When Paths Cross, a multi-disciplinary duo formed by Fern Katz and Ricardo Paz, blends dance, theater, acrobatics and circus. They work with questions of human interaction /communication and simple, mundane situations which will tell a deep and complex story about the characters as well as the contradictions of the human condition. Their creations use dark humor, surrealism, and an excavation of the subconscious on stage. 

When Paths Cross Bio:


They've co-created a dance-theater solo "The Leftovers" (performed by Katz), and a duet "Familiar Things/Coisas de Família." Individually, each has had distinctive careers, most recently Katz as a touring member of Ordem do O (Portugal), creator of dance-theater project LIVING DOLLS, and has presented her work at various venues, including Jacob's Pillow. Previously, danced in the works of Sharon Fridman, Olga Rabetskaya, Rebecca Pappas, and many others. Paz, who studied Chinese Pole and Acrobatics at CNAC (France), went on to work with Séverine Chavrier, Olivier DuBois,Yves-Noël Genod, Diana Niepce, and more, and performed in Got Talent (Portugal and Italy). 


When Paths Cross were Artists-in-Residence at Estufa Plataforma Cultural (Portugal), Keshet Makers Experience (New Mexico), The Foundry Theater (MA), and performed in Westfest Dance Festival and Spark Theatre Festival (NYC). 

FERN KATZ & Collaborators: 2023 Residency

  • August 27 to September 2, 2023

  • Community Workshop: August 31, 2023

  • Presentation: September 2, 2023


"Lucky Star", choreography & performance by Sierra Hendrix
"Living Dolls", choreography & direction by Fern Katz


Choreographer and director Fern Katz has performed in many different dance companies and productions – but when she wants to create her own work, she comes home to the Berkshires. “This is my creative home,” she said. “Somewhere I can hunker down and find support.”

In preparation for the Sept. 2 show, Katz brought along five other dancers (Sierra Hendrix, Helena Vasconcelos, Alice Chacon, Laura Carella, Cove Barton) and musician Miguel Sobral Curado for a week-long residency at the Adams Theater. They worked together to create “a shared movement language” and held an open rehearsal while in residency. 

“Open rehearsals can be interesting and help people to connect and understand the process of creating performance art,” Katz said. “Sometimes you feel distant from a show and how it was created. I would like to share that process with people if they’re interested.”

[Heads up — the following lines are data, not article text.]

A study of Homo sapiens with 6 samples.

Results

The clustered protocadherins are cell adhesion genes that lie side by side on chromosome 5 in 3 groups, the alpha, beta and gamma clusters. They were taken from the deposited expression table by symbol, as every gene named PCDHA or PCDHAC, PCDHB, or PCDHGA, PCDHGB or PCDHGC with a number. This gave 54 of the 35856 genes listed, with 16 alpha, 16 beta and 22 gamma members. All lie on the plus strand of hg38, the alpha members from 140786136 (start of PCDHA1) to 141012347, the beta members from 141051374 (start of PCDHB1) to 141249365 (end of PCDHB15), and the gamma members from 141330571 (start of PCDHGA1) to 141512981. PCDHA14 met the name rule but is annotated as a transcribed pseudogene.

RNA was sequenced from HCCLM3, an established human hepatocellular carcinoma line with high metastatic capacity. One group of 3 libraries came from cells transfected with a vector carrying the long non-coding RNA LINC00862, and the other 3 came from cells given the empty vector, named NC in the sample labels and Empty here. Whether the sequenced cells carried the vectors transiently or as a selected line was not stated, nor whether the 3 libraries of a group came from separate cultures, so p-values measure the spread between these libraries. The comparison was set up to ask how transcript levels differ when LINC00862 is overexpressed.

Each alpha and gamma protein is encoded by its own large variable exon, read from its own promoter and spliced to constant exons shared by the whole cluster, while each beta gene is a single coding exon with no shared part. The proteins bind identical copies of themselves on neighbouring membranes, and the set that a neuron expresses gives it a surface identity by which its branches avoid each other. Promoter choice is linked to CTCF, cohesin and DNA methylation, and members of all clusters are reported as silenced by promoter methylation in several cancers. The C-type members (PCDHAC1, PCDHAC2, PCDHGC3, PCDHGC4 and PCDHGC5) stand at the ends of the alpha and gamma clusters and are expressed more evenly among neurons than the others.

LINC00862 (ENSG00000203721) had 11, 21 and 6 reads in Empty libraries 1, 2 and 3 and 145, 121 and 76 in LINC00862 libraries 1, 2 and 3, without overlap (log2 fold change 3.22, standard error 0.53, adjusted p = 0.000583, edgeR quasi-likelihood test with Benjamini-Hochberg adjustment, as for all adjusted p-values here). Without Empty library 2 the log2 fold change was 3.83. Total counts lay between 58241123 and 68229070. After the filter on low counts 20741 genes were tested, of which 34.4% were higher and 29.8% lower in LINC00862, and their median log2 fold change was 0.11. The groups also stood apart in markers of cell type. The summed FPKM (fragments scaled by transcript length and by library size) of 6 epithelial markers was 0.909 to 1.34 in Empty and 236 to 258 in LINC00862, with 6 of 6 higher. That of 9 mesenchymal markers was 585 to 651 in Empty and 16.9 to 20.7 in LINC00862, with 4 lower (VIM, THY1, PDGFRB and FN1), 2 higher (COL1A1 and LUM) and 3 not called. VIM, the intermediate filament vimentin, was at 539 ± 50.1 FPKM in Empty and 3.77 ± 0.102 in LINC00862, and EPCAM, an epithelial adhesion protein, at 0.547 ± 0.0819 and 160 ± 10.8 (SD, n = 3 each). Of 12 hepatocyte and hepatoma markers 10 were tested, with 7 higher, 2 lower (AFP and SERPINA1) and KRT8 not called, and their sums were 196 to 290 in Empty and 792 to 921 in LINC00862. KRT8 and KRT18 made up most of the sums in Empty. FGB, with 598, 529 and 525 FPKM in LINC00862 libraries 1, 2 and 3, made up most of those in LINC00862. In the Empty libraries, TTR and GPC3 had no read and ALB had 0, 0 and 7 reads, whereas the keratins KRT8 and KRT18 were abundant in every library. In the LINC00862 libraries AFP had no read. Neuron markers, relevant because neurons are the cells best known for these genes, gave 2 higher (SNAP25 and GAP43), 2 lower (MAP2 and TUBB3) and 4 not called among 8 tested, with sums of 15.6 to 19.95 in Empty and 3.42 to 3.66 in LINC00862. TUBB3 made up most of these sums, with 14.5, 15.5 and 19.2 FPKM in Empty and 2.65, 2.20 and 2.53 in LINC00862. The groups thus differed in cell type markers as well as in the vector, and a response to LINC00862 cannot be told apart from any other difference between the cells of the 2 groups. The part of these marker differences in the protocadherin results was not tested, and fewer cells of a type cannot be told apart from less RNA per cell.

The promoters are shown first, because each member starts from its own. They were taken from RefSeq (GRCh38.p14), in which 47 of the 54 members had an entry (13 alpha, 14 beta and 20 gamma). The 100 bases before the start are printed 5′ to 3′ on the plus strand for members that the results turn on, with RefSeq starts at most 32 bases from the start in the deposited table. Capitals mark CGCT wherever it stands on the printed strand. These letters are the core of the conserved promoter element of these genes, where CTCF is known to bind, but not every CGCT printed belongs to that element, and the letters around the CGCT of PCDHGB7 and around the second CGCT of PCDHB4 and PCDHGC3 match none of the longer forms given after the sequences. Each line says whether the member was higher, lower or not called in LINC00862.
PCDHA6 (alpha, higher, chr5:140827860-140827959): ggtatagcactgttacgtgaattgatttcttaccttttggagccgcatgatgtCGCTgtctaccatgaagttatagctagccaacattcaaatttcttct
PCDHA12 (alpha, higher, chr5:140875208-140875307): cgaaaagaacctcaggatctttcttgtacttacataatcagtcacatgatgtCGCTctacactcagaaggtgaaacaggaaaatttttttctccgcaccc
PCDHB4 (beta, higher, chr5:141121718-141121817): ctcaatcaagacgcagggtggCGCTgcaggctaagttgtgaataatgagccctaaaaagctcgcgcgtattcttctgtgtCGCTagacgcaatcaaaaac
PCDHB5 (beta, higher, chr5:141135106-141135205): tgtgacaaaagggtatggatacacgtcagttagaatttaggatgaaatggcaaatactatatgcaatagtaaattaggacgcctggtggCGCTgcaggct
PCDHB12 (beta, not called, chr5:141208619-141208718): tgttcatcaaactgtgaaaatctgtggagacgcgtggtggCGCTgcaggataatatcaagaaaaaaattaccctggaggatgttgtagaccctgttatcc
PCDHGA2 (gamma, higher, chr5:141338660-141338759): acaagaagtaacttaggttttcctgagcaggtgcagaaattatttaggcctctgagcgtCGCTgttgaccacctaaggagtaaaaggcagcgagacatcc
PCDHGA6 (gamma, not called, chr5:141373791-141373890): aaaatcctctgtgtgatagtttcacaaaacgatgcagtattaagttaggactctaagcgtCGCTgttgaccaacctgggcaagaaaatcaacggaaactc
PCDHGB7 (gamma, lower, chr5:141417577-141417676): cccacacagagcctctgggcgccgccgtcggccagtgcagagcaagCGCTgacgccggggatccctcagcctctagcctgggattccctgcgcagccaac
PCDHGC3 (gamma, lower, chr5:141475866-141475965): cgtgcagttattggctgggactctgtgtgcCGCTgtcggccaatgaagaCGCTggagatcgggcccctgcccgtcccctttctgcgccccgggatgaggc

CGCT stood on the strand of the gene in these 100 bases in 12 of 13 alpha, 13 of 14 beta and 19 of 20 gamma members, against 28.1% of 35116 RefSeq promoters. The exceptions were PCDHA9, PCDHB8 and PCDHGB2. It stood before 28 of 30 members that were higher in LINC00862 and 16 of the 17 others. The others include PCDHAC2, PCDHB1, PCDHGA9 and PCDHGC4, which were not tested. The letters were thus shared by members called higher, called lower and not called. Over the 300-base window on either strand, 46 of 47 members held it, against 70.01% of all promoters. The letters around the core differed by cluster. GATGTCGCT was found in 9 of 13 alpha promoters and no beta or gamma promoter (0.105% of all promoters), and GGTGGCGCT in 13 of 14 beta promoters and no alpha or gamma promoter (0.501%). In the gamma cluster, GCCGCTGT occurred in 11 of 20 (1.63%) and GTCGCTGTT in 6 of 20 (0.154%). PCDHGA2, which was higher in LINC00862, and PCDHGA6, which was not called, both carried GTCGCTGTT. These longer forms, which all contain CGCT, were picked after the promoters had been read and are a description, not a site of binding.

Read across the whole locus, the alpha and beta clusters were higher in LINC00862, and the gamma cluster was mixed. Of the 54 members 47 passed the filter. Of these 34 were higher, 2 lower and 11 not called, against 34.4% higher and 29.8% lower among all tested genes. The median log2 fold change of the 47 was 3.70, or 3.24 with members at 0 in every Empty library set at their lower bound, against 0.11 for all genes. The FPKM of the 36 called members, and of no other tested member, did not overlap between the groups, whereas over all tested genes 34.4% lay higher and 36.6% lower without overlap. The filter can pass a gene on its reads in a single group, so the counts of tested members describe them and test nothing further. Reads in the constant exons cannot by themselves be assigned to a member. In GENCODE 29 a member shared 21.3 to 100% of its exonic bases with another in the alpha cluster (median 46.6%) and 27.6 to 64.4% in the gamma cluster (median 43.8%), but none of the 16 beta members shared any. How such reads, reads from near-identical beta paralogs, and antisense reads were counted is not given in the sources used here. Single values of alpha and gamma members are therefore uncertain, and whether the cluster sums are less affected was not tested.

On August 31, community members were invited to “Improvisation, Dance, Connection, and Party!” a two-hour movement exploration led by Katz. The intention behind this movement process was to offer space for each participant to connect with and expand their inner worlds, to connect with other participants, to find each individual physical capacity, and most importantly, to have fun. The workshop was open to all ages and abilities and is free to attend. 


Katz said she loves to open events to the public so that she can create a meaningful experience that helps people understand dance at a deeper and more primal level. “Sometimes you get the most inspiration from folks who aren’t dancers, because the way they move is unique. It’s a daily way of moving, which is interesting as a choreographer who tries to move away from highly stylized techniques.” 


Katz has been dancing since the age of two. Starting with the Albany Berkshire Ballet Company, she went on to perform and present work at Jacob's Pillow, The Foundry, Bard College at Simon's Rock, to various theaters in New York City, Portugal, and beyond. She has been performing professionally since 2014, and worked with esteemed choreographers such as Olga Rabetskaya and Sharon Fridman. She is currently a company member of physical dance theater company, Ordem do O (Lisbon, Portugal).


As a dance educator, Katz has taught at both Jacob's Pillow, Northfield Mount Hermon, and most frequently, Berkshire Pulse. She will enlist her years of knowledge as an educator and various techniques of movement such as Gaga, Feldenkrais, contemporary, classical dance, and more to create a safe, enriching, and fun environment for workshop participants.